Inflation, rising rates shaping currency outlook

By Maddie Johnson | January 26, 2022 | Last updated on January 26, 2022
2 min read
World currency


From a monetary policy standpoint, the Federal Reserve is ahead of some other central banks in its tightening path, de la Durantaye said, which has provided support to the U.S. dollar early in the year. Many analysts expect the Fed to raise interest rates three or four times this year.

However, de la Durantaye said the fundamentals suggest the U.S. dollar is overvalued. Inflation is higher in the U.S. than in many other places, which he said will likely pull the dollar back down as “long-term high inflation usually depreciates a currency.”

For this reason, he predicts the U.S. dollar to trade higher at the beginning of the year, but as policy evolves, the dollar could peak and subsequently retrench.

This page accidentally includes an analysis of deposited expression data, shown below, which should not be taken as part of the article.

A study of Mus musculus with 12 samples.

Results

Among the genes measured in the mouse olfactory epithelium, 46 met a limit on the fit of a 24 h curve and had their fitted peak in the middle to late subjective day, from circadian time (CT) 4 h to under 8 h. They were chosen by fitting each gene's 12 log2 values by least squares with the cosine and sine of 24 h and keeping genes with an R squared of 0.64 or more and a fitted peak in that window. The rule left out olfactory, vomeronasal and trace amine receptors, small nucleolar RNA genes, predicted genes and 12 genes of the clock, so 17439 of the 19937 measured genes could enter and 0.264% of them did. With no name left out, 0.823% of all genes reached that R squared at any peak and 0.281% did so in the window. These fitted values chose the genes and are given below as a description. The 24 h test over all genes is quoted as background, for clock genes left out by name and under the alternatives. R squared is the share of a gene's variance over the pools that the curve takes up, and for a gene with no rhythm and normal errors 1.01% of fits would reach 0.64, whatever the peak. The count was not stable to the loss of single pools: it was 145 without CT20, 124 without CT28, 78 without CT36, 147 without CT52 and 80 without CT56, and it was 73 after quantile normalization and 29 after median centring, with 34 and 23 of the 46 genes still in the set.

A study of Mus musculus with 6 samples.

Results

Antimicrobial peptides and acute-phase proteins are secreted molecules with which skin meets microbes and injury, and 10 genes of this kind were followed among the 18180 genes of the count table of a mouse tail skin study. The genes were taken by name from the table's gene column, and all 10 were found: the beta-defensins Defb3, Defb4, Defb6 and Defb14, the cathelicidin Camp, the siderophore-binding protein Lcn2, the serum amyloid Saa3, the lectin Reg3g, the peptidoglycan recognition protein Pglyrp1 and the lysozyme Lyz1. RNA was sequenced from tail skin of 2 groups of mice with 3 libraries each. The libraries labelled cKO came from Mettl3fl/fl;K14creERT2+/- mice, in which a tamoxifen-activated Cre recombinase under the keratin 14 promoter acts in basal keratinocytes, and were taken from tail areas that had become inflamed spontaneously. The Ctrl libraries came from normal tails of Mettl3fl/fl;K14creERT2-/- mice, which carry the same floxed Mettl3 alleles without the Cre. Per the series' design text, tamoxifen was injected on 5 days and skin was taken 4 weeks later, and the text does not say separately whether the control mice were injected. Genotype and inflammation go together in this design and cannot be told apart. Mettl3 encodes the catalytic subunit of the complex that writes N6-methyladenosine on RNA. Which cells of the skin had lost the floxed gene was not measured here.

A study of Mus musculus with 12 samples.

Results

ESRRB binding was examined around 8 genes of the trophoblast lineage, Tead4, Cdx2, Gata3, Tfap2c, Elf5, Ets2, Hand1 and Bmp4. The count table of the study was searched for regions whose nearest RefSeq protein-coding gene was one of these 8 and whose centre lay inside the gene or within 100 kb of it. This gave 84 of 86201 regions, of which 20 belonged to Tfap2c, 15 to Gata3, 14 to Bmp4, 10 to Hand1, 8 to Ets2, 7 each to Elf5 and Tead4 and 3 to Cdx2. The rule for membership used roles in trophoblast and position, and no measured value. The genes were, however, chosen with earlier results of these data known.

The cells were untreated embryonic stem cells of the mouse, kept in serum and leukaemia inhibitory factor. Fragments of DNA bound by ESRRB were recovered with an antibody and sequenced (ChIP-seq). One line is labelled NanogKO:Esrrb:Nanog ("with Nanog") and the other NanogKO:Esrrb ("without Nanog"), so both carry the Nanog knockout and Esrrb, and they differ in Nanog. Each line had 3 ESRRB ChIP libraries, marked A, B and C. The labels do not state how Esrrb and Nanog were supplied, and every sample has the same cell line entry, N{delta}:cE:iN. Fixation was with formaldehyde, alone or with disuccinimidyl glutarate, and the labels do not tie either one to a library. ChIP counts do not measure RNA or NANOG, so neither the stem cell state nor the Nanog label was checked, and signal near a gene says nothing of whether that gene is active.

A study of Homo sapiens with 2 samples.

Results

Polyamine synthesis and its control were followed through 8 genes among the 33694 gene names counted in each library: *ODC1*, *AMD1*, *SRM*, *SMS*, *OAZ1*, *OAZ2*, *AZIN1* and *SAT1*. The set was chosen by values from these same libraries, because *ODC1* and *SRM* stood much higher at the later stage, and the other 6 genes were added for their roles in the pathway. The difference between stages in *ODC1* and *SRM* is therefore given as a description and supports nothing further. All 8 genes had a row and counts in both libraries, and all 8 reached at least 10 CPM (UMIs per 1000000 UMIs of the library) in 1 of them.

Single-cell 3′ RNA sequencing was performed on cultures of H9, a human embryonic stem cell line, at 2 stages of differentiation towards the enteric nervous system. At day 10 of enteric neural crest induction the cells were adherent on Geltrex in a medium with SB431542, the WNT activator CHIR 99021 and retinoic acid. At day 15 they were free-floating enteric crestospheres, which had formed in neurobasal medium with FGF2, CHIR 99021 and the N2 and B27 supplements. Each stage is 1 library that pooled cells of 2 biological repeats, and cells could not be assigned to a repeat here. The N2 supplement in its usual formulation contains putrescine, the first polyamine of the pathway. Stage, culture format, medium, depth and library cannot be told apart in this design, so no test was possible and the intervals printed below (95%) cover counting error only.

By contrast, de la Durantaye said the Canadian dollar is “interesting” because not only will the Bank of Canada also raise interest rates, but the Canadian dollar is supported by rising commodity prices.

Early in the year the Canadian dollar could jump to around US$0.82, he said (the loonie was trading below US$0.79 on Wednesday after the Bank of Canada held its overnight interest rate). But the loonie is likely to retreat to around US$0.76 later in the year as the global economy slows — especially if commodity prices “roll over” and the Bank of Canada slows its tightening. 

Globally, a number of currencies depreciated in 2021, which de la Durantaye said can provide an attractive entry point for investors. For example, the Russian ruble, the Brazilian real and the Mexican peso all provide very high interest rates.

“Their central banks have been tightening well ahead of the Federal Reserve and so they provide high carry and undervaluation, which are potentially attractive as investments for 2022,” said de la Durantaye.


Maddie is a freelance writer and editor who has been reporting for since 2019.